Authors: Farraj W. Abdallah, MD, et al
Anesthesiology published 12 2015
Background: Perineural and IV dexmedetomidine have each been suggested to prolong the duration of analgesia when administered in conjunction with peripheral nerve blocks. In the first randomized, triple-masked, placebo-controlled trial to date, the authors aimed to define and compare the efficacy of perineural and IV dexmedetomidine in prolonging the analgesic duration of single-injection interscalene brachial plexus block (ISB) for outpatient shoulder surgery.
Methods: Ninety-nine patients were randomized to receive ISB using 15 ml ropivacaine, 0.5%, with 0.5 μg/kg dexmedetomidine administered perineurally (DexP group), intravenously (DexIV group), or none (control group). The authors sequentially tested the joint hypothesis that dexmedetomidine prolongs the duration of analgesia and reduces the 24-h cumulative postoperative morphine consumption. Motor blockade, pain severity, hemodynamic variations, opioid-related side effects, postoperative neurologic symptoms, and patient satisfaction were also evaluated.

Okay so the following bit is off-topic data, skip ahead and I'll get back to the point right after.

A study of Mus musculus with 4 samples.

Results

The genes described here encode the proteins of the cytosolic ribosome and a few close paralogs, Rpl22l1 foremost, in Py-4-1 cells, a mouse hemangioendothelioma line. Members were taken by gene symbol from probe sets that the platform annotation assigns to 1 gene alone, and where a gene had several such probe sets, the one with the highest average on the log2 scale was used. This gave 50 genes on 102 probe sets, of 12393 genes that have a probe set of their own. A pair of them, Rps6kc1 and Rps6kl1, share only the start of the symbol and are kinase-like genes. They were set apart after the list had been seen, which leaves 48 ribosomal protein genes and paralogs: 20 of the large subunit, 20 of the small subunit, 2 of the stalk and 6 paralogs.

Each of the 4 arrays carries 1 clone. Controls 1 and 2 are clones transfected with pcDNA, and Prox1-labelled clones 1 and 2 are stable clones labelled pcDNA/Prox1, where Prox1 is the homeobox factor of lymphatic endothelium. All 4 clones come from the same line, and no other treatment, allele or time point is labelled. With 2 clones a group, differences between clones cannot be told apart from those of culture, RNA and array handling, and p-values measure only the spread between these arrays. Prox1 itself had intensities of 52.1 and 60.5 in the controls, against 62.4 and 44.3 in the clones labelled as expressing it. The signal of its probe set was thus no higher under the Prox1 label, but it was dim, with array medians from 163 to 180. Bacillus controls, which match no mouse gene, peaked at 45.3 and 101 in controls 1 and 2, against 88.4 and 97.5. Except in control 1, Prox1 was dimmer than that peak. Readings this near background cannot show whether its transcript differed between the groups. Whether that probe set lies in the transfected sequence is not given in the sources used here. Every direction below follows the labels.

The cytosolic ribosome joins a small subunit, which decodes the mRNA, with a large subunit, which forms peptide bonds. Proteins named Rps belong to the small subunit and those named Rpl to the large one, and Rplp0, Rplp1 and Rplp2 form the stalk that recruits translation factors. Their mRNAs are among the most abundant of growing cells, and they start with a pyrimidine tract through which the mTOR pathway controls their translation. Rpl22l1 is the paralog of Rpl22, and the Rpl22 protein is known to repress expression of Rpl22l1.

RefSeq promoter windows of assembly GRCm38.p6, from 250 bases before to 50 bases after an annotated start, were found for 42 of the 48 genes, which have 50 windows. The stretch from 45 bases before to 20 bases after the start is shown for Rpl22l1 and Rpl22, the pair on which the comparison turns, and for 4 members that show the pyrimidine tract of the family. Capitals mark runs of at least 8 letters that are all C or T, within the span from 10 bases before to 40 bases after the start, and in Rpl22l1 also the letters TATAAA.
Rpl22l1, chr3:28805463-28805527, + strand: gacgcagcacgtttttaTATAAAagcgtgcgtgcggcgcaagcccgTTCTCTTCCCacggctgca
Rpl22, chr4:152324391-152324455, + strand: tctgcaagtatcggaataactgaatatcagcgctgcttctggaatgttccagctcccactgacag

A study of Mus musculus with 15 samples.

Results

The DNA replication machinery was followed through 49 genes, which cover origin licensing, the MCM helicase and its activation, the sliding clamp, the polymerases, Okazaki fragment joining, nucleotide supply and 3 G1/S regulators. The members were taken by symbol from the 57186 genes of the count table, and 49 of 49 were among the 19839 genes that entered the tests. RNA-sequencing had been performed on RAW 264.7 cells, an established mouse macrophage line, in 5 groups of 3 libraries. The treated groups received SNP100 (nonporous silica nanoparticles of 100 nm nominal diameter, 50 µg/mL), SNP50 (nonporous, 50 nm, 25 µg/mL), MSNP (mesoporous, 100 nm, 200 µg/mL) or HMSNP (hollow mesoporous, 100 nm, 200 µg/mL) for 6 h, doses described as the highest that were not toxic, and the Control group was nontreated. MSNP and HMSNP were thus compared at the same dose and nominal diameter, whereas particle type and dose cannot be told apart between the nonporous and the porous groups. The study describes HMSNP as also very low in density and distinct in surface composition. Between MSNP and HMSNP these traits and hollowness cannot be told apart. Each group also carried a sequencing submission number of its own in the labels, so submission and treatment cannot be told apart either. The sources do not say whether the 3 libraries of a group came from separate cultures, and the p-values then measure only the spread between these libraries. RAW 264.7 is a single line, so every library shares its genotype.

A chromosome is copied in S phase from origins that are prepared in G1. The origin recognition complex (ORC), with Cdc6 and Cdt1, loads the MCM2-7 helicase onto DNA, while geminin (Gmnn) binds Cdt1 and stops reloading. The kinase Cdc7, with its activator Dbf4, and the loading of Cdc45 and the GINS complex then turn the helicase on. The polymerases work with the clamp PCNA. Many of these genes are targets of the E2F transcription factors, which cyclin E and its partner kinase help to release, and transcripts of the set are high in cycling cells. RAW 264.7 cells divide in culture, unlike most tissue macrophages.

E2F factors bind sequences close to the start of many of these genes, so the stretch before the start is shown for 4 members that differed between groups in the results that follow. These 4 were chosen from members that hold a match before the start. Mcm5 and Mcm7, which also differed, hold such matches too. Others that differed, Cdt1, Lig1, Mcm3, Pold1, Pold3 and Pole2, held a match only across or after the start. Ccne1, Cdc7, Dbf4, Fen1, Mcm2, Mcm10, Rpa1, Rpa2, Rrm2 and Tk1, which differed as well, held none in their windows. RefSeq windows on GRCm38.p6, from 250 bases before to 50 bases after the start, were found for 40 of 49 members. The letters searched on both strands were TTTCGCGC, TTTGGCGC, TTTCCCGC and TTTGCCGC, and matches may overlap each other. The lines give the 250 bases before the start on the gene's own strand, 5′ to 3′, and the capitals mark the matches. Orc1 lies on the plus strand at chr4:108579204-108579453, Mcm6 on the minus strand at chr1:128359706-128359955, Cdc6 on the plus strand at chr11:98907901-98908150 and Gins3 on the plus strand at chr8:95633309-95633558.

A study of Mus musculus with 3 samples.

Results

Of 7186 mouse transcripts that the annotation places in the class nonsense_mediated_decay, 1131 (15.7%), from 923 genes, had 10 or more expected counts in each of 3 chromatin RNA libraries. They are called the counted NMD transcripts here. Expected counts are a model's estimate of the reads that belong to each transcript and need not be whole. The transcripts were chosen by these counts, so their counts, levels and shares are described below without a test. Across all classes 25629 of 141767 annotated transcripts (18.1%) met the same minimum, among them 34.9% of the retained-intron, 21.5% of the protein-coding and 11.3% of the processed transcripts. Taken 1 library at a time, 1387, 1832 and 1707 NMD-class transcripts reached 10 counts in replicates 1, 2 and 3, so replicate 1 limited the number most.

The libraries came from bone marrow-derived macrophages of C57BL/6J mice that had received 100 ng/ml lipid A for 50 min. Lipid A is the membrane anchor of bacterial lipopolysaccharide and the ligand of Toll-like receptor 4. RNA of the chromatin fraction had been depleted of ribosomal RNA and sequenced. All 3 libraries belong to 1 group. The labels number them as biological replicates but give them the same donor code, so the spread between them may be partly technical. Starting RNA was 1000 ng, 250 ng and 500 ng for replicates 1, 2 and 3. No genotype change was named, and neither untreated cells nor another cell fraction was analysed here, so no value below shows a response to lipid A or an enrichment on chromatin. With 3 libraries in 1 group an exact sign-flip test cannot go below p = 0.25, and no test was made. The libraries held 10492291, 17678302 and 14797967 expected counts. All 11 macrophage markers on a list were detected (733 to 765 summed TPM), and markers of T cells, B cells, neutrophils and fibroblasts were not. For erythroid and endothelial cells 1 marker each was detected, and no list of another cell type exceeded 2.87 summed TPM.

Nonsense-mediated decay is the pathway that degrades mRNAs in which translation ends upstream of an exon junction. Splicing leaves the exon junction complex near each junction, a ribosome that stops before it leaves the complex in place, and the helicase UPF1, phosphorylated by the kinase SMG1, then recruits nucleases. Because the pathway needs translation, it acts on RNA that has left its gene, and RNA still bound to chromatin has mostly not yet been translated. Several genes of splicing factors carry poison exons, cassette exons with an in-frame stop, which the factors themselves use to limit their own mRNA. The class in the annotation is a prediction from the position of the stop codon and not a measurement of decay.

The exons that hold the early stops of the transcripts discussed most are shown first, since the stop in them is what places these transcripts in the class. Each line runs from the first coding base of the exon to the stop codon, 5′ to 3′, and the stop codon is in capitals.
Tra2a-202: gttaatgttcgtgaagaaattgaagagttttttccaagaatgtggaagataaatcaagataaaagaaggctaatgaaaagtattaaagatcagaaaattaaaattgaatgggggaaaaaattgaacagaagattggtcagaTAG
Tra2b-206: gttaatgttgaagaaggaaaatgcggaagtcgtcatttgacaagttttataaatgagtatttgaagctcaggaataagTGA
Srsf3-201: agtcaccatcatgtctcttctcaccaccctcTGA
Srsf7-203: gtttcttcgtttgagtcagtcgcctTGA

Results: Ninety-nine patients were analyzed. The duration of analgesia was 10.9 h (10.0 to 11.8 h) and 9.8 h (9.0 to 10.6 h) for the DexP and DexIV groups, respectively, compared with 6.7 h (5.6 to 7.8) for the control group (P < 0.001). Dexmedetomidine also reduced the 24-h cumulative morphine consumption to 63.9 mg (58.8 to 69.0 mg) and 66.2 mg (60.6 to 71.8 mg) for the DexP and DexIV groups, respectively, compared with 81.9 mg (75.0 to 88.9 mg) for the control group (P < 0.001). DexIV was noninferior to DexP for these outcomes. Both dexmedetomidine routes reduced the pain and opioid consumption up to 8 h postoperatively and did not prolong the duration of motor blockade.
Conclusion: Both perineural and IV dexmedetomidine can effectively prolong the ISB analgesic duration and reduce the opioid consumption without prolonging motor blockade.